2 mins
Updated by Kyle Baird

  • As China continue to ban crypto mining, miners are searching for alternative destinations.
  • Before the bans, more than half of all mining of bitcoin was done in China.
  • Texas has emerged as a popular option due to low electricity prices and pro-crypto officials.

Texas has become a popular destination for the flood of crypto miners who are fleeing China in the wake of increased regulations from government officials. China is concerned that bitcoin mining is having a negative effect on energy-rich regions of the country due to the massive power required for mining operations. 

China moving toward a national ban on crypto mining

According to CNBC, while the global distribution of mining power numbers for 2021 hasn’t yet been tabulated, estimates show that up to 75% of the world’s bitcoin mining is done in China. The mining is concentrated in four main provinces: Inner Mongolia, Sichuan, Yunnan, and Xinjiang. Xinjiang and Inner Mongolia make use of the coal plants in the area while Sichuan and Yunnan utilize the region’s hydropower resources. Crypto mining in those regions along with Qinghai has already been asked by the government to cease operations. 

To nobody’s surprise, these bans have already caused a lot of problems. One of those issues is the drop in global hash rate which puts a value on the bitcoin network’s global computing power. Earlier in 2021, China’s average monthly share of the global has rate was 65% according to the Cambridge Center for Alternative Finance. The report shows that Xinjiang alone made up for 36% of global consumption. While bitcoin has proven resilient to these hash rate drops thus far, the bans continue to come.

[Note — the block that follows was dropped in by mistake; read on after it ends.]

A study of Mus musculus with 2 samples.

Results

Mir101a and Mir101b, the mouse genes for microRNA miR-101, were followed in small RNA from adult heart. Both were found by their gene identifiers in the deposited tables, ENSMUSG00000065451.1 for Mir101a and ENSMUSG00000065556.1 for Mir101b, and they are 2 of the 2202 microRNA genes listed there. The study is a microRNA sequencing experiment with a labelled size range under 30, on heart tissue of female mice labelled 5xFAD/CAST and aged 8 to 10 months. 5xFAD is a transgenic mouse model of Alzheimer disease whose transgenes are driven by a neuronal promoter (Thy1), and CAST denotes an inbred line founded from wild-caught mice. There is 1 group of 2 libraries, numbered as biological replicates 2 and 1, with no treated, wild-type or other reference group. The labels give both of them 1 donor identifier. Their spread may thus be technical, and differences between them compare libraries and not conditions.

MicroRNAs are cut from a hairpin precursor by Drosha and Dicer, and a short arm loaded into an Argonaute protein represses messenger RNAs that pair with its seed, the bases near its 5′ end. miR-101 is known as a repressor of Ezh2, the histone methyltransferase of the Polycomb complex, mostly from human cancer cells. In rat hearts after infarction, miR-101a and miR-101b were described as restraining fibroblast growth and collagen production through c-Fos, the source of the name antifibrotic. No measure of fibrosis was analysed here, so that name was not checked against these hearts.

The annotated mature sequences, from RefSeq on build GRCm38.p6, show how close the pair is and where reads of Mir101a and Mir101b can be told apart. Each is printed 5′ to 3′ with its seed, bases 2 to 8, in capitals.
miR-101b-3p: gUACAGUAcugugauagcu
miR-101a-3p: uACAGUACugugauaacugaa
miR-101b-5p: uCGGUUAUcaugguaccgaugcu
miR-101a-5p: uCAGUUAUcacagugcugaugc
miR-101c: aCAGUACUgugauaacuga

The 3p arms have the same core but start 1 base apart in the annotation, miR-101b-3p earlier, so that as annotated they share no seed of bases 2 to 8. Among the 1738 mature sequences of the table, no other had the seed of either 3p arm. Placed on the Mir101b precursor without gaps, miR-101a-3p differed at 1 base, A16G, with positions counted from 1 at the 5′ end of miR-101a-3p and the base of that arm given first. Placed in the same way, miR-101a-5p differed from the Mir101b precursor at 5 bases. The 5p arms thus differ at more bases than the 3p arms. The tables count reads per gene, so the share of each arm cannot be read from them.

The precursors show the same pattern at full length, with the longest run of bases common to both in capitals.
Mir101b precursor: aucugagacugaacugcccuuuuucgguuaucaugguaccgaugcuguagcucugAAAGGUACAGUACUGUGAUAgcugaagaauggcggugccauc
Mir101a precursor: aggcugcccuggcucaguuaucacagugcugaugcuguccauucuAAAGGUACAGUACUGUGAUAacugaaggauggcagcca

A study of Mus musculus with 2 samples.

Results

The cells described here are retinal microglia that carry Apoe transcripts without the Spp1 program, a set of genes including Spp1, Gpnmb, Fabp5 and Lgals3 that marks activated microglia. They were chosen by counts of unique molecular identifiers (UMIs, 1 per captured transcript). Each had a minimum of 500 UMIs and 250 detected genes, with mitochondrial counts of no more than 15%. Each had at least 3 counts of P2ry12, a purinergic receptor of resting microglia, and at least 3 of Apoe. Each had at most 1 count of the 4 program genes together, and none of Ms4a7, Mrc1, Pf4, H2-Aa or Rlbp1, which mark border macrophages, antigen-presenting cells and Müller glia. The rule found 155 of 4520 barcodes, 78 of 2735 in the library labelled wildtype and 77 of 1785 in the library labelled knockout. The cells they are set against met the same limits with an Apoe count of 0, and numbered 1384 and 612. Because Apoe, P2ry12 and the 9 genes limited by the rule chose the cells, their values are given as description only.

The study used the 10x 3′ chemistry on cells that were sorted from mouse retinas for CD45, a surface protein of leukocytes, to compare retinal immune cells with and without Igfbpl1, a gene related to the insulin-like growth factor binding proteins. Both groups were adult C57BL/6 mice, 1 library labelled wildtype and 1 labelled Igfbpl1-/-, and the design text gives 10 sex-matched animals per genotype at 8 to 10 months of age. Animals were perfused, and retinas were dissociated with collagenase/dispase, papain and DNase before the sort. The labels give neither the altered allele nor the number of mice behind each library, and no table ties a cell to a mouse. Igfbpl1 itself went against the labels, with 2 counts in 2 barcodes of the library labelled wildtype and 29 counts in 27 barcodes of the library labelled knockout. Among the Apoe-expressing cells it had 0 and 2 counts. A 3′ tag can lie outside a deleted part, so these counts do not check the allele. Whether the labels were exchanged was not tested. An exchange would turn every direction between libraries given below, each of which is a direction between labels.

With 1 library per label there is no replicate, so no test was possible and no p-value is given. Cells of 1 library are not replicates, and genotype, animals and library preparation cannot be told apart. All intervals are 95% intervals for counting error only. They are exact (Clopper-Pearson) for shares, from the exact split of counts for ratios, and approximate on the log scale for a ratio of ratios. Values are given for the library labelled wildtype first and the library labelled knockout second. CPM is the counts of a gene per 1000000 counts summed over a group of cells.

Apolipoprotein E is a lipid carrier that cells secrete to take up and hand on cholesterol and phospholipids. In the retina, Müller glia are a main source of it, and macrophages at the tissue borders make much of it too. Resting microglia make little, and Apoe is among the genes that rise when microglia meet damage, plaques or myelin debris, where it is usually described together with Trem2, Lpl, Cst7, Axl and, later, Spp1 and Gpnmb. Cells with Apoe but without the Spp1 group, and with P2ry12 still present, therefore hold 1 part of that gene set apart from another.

Another issue that everyone saw coming was the possibility that some miners would ignore the requests and continue to mine illegally. This has been a particularly persistent issue in Yunaan and the local authorities have threatened to cut power to those who continue to operate outside the law. 

The Chinese bans are the result of government promises to become carbon-neutral by 2060.

Bitcoin miners finding a new home in Texas

For those law-abiding Chinese miners who wish to continue operating, a change of venue is required. Texas has become the go-to spot for these displaced mining operations with companies like Bitman, Blockcap, Argo Blockchain, and Great American Mining rumored to be just a few migrating to the Lone Star State. CNBC estimated that more than 50% of Chna’s total hash rate could eventually wind up in Texas. 

According to Didar Bekbauov, the founder of Kazakh mine provider Xive, the exodus is already underway and it could be a huge game-changer for Texas. “Texas not only has the cheapest electricity in the U.S. but some of the cheapest in the globe.” He goes on to state that setting up a mining company is easy and just requires some capital. “If you have $30 million, $40 million, you can be a premier miner in the United States.” 

Other advantages Texas provides are an expanding infrastructure based around renewable energy and politicians who support cryptocurrency. Some of those politicians, such as Governor Greg Abbott, have even gone on record supporting bitcoin mining. He believes it could be a valuable industry for the U.S.

Matthew De Saro is a journalist and media personality specializing in sports, gambling, and statistics. Before joining BeInCrypto, his work was featured on Fansided, Forbes, and OutKick. With a background in statistical analysis and a love of writing, he takes an outside-the-box approach to reporting news.